YEREVAN—A constant stream of people crossed the Hrazdan bridge and passed the Hamalir into the Genocide memorial park perched atop Armenia’s capital. As the walking paths narrow, the crowd gets thicker until they reach their destination: the Dzidzernagapert, or in English, the “Fortress of Swallows.”
This monument, designed to commemorate the deaths of 1.5 million Armenians during the Genocide of 1915, was erected in 1967, two years after spontaneous protests on the occasion of the Genocide’s 50th anniversary caught Soviet authorities by surprise. Short of official recognition—the USSR maintained good relations with neighboring Turkey throughout the Cold War—the monument would be presented to the Armenian people as a compromise.
On April 24, 2019, it was surrounded by a sea of people, who came in droves to pay their respects to fallen family members and compatriots. An estimated one third of Armenia’s population is directly descended from genocide survivors.
The twelve slabs surrounding the eternal flame, the centerpiece of the monument, represent the twelve historical Armenian provinces lost during the Genocide. Inside the circular steel structure which houses the flame, the sheer volume of the masses made it difficult to move an inch. The bed of flowers, which demonstrators brought to tribute the fallen, grew into a floral wall so high that police officers had to continually compact it for stability.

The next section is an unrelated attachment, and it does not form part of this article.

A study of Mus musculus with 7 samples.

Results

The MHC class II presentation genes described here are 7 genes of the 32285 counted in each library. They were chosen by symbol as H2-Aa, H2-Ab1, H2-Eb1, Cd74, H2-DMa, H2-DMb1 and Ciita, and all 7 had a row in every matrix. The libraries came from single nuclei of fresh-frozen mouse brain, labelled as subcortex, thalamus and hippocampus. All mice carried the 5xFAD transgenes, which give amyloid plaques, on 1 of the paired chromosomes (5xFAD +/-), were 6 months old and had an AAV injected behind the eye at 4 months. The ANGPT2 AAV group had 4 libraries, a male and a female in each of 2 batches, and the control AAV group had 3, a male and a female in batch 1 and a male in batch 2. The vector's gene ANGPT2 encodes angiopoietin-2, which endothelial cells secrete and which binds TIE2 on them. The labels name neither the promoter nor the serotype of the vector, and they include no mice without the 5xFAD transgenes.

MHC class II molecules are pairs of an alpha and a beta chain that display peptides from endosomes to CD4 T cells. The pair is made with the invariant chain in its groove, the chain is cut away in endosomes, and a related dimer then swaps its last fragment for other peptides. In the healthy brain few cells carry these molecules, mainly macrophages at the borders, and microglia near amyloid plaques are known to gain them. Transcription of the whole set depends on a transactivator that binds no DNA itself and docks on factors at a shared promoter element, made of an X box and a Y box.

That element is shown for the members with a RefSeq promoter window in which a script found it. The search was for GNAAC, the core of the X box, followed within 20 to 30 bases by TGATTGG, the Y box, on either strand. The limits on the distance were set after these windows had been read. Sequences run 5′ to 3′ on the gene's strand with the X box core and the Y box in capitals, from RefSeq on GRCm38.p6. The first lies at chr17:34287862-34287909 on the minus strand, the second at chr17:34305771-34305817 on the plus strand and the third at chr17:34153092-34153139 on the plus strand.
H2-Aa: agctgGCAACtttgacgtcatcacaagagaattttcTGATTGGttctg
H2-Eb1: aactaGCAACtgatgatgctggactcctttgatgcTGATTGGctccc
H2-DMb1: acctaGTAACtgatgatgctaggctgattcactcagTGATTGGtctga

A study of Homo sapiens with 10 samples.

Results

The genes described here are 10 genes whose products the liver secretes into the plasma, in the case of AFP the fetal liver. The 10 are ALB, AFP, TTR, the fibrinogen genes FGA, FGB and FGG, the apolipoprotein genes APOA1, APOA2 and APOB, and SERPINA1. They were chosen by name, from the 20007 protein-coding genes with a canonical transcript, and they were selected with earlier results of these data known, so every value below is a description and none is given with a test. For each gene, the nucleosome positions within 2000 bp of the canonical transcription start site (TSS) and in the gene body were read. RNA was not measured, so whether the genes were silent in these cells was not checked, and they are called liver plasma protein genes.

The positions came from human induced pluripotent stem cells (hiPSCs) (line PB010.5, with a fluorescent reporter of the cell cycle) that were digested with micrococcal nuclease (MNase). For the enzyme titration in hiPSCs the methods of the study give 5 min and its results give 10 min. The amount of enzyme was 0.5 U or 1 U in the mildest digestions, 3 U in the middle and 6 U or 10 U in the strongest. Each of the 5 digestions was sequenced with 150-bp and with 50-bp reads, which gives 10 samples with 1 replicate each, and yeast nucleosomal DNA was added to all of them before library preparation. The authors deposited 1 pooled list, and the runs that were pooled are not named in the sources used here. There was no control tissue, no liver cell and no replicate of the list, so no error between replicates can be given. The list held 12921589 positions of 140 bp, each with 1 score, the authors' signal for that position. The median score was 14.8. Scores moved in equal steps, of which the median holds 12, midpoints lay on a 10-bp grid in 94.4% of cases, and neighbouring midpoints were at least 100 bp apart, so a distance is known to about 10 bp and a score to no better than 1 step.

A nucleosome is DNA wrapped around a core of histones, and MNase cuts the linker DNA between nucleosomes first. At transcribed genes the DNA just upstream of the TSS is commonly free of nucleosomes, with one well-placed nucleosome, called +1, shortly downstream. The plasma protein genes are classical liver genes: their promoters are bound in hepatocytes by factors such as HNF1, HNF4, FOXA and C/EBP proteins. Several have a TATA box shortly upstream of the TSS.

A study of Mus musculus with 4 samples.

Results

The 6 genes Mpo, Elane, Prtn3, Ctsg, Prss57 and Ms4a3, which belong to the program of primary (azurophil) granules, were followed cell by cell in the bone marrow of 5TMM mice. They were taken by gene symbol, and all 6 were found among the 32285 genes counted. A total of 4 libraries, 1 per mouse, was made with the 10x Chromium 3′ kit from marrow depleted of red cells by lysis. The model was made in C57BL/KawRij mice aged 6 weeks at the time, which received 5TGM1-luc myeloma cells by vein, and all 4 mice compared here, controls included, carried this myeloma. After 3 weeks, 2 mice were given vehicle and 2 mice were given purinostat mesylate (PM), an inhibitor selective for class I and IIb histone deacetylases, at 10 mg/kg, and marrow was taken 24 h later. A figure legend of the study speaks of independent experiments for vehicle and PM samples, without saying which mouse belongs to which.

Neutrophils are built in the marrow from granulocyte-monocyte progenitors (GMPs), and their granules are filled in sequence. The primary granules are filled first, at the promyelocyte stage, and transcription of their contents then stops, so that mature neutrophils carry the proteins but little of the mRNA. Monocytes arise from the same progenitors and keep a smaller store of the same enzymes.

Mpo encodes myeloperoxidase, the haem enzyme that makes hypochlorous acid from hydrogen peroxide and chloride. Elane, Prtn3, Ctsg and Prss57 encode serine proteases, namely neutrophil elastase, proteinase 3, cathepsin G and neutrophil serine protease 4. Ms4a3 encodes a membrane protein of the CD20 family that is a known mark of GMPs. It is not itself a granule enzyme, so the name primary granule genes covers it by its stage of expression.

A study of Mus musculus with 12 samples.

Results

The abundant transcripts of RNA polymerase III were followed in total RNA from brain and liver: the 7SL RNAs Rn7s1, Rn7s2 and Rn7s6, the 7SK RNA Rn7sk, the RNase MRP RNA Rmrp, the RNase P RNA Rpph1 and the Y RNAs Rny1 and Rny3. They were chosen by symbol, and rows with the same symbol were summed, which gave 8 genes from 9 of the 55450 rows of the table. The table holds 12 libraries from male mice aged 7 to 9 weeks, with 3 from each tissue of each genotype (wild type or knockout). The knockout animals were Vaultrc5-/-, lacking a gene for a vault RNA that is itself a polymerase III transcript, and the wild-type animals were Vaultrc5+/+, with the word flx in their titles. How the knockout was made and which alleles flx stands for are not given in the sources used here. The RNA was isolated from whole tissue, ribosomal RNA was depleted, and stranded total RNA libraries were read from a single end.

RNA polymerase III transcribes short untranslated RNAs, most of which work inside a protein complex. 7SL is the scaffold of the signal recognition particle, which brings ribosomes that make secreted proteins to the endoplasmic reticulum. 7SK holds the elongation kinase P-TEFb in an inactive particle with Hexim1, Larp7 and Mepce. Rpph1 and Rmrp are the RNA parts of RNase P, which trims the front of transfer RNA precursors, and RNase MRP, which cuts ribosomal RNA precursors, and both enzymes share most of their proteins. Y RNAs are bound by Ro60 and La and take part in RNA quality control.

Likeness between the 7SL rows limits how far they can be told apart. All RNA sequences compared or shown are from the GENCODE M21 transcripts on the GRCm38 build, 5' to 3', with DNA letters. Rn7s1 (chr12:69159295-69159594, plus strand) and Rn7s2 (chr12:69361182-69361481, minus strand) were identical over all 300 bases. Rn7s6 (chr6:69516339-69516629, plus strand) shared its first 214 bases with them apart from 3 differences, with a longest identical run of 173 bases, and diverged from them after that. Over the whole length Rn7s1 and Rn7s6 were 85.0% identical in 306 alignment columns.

The crowd was made up of locals, Diasporan repatriates and foreign visitors. A Polish family unveiled a Polish flag, while a group of Yezidis travelling from the province of Aragatsotn waved the flag of Kurdistan. The procession, which started at eight o’clock that morning, continued without losing steam until eight o’clock in the evening, as people leaving their jobs continued to prop up the ranks of the marchers. April 24 is officially a public holiday in Armenia, but there are still those who work to keep the city, and the country running, even on holidays. They, too, took the time time to pay their respects.
President Armen Sarkissian and Prime Minister Nikol Pashinyan, flanked by members of his cabinet, visited the memorial earlier in the morning, a year and a day after the Armenian people managed to peacefully overthrow an autocratic government in the Velvet Revolution.
On the eve of the annual commemoration, young Armenians gathered at Republic Square armed with candles, Armenian flags and torches to march up Baghramyan Street all the way to the Memorial under the pouring rain—a common weather pattern on this solemn occasion.
Unlike the loud demonstrations held by their compatriots across from Turkish embassies abroad, the attendants to the procession maintained a sobering silence. Someone in the crowd lets out a stray comment about how civil and and organized the march was, almost uncharacteristic for a large mass of congregated Armenians. He was right. The atmosphere around the Memorial hill was somber, yet defiant. April 24 seems to be the one day of year where Armenians, notorious for their disagreements, come together behind a common cause: to mourn the losses, demand recognition and rejoice at survival. The Armenian people live. And they continue to do so.